It seems fitting that the Shaw Neighborhood began as a natural prairie, initially described as “uncultivated” by Henry Shaw, an 18-year-old Englishman who first arrived in St. Louis in the spring of 1819. Little did he know then that the emerging neighborhood surrounding his future estate and beloved garden would immortalize him as its namesake.

At the time, much of the area’s 380-plus acreage was owned by Capt. William Chambers, who bestowed the land upon his death to his daughter, Mary Tyler. Shaw purchased the plots to the north and west of Chambers’ property to build his country home, Tower Grove House, and a botanical garden for the city’s residents.

In the mid-to-late 1800s—with Tyler and Shaw working to promote its growth—the area began to take shape as a residential neighborhood. Development continued into the early 1900s, starting a building boom of residential property in myriad architectural styles that would give the neighborhood its distinct character.

Upon his death at the age of 89 in 1889, Shaw had established himself as a philanthropic giant in his adopted city. The gifts he bestowed upon St. Louis include the land adjacent to his home for Tower Grove Park, a school, acreage for a hospital, and the Washington University School of Botany.

But without question, Shaw’s greatest legacy is the Missouri Botanical Garden, which opened to the public in 1859. Today, the National Historic Landmark is the jewel of the socially diverse neighborhood and is globally lauded as a center for science and conservation, education and horticultural display.

In the spring, the garden comes to life with a captivating display of nature’s most vibrant flora. A season’s worth of experiences, beginning with the garden’s signature Orchid Show, heralds the arrival of spring with open arms.



Through Mar. 26

Orchid Show                                                                                                                                                                                                                      See hundreds of orchids from the Garden’s expansive collection. New this year is Orchid Nights, an exclusive lighted viewing with live music, and wine and beer tastings.

Apr. 1-2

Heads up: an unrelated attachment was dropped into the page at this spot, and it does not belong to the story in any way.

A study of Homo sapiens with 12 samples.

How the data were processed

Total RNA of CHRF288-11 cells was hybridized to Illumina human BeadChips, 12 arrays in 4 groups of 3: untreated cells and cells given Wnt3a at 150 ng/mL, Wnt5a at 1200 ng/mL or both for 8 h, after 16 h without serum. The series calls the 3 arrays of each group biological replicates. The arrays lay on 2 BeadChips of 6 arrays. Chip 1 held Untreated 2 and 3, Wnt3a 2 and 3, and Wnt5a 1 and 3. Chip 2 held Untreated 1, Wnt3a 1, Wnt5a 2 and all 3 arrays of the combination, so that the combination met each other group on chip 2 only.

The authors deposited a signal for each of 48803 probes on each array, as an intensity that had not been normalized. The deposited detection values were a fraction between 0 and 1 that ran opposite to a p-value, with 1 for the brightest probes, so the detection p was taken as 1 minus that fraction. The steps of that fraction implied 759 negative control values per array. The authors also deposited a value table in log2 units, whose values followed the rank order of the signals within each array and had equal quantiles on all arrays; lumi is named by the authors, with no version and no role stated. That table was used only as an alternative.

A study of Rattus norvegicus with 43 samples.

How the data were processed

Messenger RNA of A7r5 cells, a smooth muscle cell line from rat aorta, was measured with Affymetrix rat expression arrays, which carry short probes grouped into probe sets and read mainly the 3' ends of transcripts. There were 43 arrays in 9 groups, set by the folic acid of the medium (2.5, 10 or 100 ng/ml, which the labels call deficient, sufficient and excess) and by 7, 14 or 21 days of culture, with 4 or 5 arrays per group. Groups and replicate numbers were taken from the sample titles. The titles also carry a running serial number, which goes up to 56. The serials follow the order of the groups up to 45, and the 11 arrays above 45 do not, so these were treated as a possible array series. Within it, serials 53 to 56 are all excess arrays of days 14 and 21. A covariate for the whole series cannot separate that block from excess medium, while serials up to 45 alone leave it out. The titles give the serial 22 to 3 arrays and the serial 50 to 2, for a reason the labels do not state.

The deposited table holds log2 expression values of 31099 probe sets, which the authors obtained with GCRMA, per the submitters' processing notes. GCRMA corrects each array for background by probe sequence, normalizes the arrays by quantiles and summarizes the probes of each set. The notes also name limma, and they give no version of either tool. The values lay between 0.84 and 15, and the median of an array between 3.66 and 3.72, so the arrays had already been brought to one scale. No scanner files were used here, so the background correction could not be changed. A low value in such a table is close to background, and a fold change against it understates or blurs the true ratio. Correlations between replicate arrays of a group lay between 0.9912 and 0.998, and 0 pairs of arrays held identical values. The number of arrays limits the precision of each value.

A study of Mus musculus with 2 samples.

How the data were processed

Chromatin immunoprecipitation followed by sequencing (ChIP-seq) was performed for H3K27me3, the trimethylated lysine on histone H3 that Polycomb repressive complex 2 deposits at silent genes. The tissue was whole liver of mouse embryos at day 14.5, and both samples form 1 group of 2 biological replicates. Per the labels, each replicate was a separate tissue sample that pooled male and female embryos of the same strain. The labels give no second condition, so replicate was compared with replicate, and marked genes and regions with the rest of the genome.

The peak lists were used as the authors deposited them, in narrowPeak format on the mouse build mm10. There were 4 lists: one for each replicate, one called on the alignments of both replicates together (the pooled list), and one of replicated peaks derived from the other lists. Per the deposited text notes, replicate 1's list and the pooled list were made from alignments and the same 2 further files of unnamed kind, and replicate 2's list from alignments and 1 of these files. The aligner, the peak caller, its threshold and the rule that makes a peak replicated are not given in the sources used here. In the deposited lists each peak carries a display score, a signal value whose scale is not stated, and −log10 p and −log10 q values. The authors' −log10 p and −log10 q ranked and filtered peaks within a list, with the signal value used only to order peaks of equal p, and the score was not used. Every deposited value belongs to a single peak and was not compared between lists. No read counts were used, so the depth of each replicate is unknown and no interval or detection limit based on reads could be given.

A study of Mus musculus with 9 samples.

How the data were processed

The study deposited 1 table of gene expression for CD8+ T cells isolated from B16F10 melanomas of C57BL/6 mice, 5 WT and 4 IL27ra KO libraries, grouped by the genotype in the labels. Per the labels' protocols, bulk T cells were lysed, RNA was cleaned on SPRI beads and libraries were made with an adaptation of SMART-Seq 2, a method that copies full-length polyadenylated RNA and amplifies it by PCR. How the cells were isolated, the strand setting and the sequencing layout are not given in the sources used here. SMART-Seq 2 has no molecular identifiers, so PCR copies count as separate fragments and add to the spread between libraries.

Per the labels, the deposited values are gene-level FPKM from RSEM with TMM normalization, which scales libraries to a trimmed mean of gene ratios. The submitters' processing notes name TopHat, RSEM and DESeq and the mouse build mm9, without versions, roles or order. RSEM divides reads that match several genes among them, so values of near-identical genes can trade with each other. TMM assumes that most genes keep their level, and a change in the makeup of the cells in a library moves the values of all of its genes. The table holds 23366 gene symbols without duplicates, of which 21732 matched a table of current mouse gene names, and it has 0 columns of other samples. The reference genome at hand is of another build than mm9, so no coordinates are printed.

Meet Me Outdoors

The garden’s popular perennial displays officially open for the season.

Apr. 22-23

Chinese Culture Days
The annual springtime affair features a grand parade with a 70-foot dragon and lion dancers, as well as acrobatics, authentic regional cuisine, special tours and more.


Ices Plain & Fancy

You scream, I scream, we all scream…so why not scream all the way to one of St. Louis’ most popular ice-cream shops? Ices Plain & Fancy uses liquid nitrogen to flash-churn its ice cream, giving it a silky, smooth deliciousness like no other. Co-owner Darla Crask’s favorite is the classic butter pecan, but there’s also the dulce de leche topped with caramel and black sea salt, and several seasonal strawberry-inspired flavors, as well as an array of cocktail ice-cream concoctions like the Frozen Dude (vanilla ice-cream, vodka and Kahlua).

Tower Grove Farmers’ Market

From mid-April through November, the diverse, bustling market in the heart of Tower Grove Park is a Saturday morning tradition for many. From organic greens and local honey to handmade soaps and food trucks, you’ll find a few goodies for a quick outdoor treat—or to fill your reusable shopping bag. Plus, don’t forget free 9 a.m. yoga classes on the lawn!


In nearby Botanical Heights, get a taste of the city’s newest cocina in Nixta, Ben Poremba’s latest eatery. Offering a mix of chef-driven Mexican and American/Mediterranean cuisine, you’ll find instant favorites like Tuna Tostada, Duck Carnitas and Lamb Tacos. Don’t miss the Mole Negro with braised beef cheeks—pure bliss! On weekends at the witching hour (beginning at 10 p.m.), the space transforms into Bar Limon, with salsa dancing, a late-night menu and one-of-a-kind cocktails like the Ocho, a heavenly concoction of mezcal mixed with lime, grapefruit, maraschino and a hint of ghost pepper. Nixta is unlike any in town—pulsating and lively, with a spirit of its own.

MoKaBe’s Coffeehouse

MoKaBe’s has everything you need for a neighborhood hangout—a considerable menu (for a coffeehouse) for breakfast, lunch and dinner, Sunday brunch, plenty of seating and views for people-watching, late-night hours, and free wi-fi. But the star here is the coffee with solid standards like espresso, mocha and chai, as well as more than a dozen latte selections. Try the Mini Mo (cinnamon and praline) or the Princess Picky Vikki (chocolate and coconut).